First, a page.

S. 1883 would broaden the coverage of current laws that address money laundering. People who violate the bill’s provisions could be subject to criminal fines, so the federal government might collect additional fines under the legislation. Criminal fines are recorded as revenues, deposited in the Crime Victims Fund, and later spent without further appropriations action. CBO expects any additional revenues and associated direct spending would not be significant because relatively few additional cases would probably be affected by the bill.
The bill also would direct the Secretary of the Treasury to prepare an analysis of the criminal use of remittances and develop a plan to reduce such criminal acts. Based on the cost of similar activities, CBO estimates that implementing this provision would cost less than $500,000; any spending would be subject to the availability of appropriated funds.
S. 1883 would impose a private-sector mandate as defined in the Unfunded Mandates Reform Act (UMRA) on individuals, businesses, and nonprofits. Under current law, certain entities that physically transport, mail, or ship currency and monetary instruments valued at $10,000 or more must file a report with Customs and Border Protection (CBP). That requirement applies when currency and monetary instruments are moved to or from the United States.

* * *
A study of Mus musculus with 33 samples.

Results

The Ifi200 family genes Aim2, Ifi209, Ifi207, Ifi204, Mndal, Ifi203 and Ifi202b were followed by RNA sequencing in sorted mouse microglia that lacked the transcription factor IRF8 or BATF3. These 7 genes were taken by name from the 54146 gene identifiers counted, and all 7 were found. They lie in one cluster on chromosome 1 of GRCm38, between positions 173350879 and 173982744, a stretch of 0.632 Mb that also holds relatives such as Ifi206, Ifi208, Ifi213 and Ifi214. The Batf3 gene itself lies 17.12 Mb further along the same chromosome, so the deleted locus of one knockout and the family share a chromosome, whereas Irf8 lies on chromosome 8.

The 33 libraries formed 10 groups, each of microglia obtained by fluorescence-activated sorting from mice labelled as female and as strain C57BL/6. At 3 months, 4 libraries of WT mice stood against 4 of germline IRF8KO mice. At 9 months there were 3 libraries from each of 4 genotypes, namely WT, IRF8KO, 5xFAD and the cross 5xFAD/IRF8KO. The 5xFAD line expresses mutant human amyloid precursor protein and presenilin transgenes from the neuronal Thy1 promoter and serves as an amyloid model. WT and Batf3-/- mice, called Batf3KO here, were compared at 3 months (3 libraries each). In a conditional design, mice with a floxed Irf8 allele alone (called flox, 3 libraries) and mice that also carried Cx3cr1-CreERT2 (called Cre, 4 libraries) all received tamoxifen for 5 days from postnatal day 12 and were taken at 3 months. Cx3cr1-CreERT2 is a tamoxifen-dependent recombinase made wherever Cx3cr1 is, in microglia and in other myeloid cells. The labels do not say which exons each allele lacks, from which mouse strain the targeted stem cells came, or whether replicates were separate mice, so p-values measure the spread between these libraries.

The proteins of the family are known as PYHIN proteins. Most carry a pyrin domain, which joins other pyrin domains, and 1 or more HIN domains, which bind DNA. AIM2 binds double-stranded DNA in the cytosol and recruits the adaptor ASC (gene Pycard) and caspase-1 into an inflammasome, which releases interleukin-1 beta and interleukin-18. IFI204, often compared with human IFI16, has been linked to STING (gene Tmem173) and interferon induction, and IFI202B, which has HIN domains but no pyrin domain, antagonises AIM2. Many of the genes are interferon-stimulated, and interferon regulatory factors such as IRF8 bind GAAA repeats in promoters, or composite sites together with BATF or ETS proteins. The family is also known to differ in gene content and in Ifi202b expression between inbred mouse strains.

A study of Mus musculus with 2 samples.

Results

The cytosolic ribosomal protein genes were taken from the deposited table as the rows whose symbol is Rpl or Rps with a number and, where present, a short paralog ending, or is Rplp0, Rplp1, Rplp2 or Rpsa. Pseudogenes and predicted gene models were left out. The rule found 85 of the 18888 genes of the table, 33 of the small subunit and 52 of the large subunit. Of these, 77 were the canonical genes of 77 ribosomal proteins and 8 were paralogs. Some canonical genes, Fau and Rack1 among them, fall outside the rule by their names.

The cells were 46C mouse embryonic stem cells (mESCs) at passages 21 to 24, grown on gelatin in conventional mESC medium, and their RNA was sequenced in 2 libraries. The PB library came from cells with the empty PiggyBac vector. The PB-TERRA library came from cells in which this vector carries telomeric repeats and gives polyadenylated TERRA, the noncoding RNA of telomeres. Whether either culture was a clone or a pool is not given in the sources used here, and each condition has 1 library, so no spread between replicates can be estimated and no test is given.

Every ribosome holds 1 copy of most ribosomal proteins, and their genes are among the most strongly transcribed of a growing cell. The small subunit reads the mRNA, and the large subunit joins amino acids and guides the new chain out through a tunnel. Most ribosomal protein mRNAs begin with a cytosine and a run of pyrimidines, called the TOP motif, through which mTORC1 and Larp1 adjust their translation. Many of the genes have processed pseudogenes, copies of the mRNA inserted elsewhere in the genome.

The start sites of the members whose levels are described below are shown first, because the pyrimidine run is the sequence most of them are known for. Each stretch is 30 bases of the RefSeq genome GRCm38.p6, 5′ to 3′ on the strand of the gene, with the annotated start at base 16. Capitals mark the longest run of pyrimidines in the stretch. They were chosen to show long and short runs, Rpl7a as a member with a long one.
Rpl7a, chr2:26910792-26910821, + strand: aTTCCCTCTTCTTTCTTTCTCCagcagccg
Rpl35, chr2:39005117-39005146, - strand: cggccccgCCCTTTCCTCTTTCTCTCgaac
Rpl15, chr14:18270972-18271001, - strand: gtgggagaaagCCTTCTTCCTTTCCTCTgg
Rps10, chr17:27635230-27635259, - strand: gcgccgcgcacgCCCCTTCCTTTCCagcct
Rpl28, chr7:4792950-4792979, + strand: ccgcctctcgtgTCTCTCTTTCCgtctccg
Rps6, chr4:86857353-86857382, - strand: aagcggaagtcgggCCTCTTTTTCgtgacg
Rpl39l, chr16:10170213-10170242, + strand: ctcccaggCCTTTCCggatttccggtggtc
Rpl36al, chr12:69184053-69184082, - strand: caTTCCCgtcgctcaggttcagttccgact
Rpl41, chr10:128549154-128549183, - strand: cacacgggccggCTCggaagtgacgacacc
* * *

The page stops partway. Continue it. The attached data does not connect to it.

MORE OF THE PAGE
S. 1883 would expand the definition of monetary instruments to include checks that have the amount left blank but would be drawn from an account containing $10,000 or more. A person transporting, mailing, or shipping those instruments to or from the United States would be required to file a report with CBP. CBO estimates the cost of complying with the mandate would be small and well below the annual threshold established in the UMRA ($164 million in 2019, adjusted annually for inflation).
S. 1883 contains no intergovernmental mandates as defined in UMRA.